A new study conducted at the Fred Hutchinson Cancer Research Center in Seattle has found a new potential target for treating or even reversing facioscapulohumeral muscular dystrophy, a rare but devastating disease that currently has no cure.
The disease is caused by the DUX4 gene, which is normally shut off very early in a fetus’ development. If someone is born with too few copies of the gene, it will spontaneously turn back on, leading to a breakdown in muscle cells that eventually leads to difficulty with basic movements like walking, speaking and swallowing.
Researchers at Fred Hutch used a proteomics approach — the relatively young field of studying proteins — along with CRISPR gene targeting to identify two groups of proteins responsible for turning the gene off in both stem and muscle cells.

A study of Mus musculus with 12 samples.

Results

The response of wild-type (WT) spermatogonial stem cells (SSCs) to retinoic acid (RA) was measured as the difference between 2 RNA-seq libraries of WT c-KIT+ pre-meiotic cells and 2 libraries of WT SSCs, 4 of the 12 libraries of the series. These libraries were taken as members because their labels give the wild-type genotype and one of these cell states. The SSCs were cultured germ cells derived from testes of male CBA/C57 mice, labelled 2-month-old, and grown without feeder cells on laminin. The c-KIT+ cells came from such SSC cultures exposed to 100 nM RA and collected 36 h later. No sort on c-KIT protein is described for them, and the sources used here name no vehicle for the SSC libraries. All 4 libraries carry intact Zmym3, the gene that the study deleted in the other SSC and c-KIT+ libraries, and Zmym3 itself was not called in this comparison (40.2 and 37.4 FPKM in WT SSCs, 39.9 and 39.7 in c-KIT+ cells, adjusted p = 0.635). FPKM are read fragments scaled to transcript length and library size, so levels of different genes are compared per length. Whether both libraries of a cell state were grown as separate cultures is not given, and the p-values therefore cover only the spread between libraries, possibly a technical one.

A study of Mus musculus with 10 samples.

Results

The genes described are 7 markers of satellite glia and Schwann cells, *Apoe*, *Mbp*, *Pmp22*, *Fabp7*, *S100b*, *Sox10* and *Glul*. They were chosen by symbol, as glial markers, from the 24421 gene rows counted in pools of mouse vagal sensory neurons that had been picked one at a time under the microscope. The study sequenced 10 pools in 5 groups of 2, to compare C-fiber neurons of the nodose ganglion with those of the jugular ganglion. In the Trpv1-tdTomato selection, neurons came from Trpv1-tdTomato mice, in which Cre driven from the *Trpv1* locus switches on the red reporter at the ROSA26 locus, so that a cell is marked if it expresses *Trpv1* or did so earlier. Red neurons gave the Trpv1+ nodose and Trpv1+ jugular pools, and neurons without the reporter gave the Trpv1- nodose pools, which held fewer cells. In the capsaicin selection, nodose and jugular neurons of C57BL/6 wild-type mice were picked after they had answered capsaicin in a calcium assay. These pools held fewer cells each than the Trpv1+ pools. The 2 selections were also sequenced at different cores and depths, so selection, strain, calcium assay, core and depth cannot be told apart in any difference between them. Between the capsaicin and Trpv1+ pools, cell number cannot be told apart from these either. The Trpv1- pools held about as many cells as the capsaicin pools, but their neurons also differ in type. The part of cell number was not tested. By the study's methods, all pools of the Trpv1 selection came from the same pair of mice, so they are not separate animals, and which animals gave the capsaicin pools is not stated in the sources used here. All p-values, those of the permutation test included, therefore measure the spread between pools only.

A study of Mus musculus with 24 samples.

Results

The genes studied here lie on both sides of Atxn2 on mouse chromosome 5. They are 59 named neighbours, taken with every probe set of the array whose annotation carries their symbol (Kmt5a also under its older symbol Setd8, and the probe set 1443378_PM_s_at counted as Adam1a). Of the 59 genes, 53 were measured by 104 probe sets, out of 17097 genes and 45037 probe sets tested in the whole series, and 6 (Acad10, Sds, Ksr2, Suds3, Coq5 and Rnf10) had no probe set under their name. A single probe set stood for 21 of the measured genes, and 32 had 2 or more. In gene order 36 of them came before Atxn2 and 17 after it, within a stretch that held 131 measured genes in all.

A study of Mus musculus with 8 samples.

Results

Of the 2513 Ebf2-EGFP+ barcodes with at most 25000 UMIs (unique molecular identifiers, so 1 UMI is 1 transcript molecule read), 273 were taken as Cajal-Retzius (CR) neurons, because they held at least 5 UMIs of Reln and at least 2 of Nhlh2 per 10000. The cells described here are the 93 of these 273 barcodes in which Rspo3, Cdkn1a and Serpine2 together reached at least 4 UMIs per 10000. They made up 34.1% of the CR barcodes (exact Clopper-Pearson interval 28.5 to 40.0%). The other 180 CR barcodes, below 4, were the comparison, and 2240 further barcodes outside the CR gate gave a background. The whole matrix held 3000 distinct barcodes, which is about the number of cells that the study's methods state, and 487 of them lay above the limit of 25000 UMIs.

Using that knowledge, scientists could theoretically create a treatment that prevents or reverses the disease by shutting down the DUX4 gene. The study was led by Fred Hutch biologist Dr. Stephen Tapscott and staff scientist Dr. Amy Campbell and was published Tuesday in scientific journal eLife.
While such a treatment would still be years down the line, the results are an important step toward a deeper understanding and more effective treatment of the disease.
About 900,000 people are affected by facioscapulohumeral muscular dystrophy around the world. It is the most common form of muscular dystrophy.
DMD Therapeutics, a Seattle area startup that spun out of the University of Washington, is pursuing a treatment for a related disease, Duchenne muscular dystrophy. The startup has found success in mice trials and is moving on to test the treatment in humans.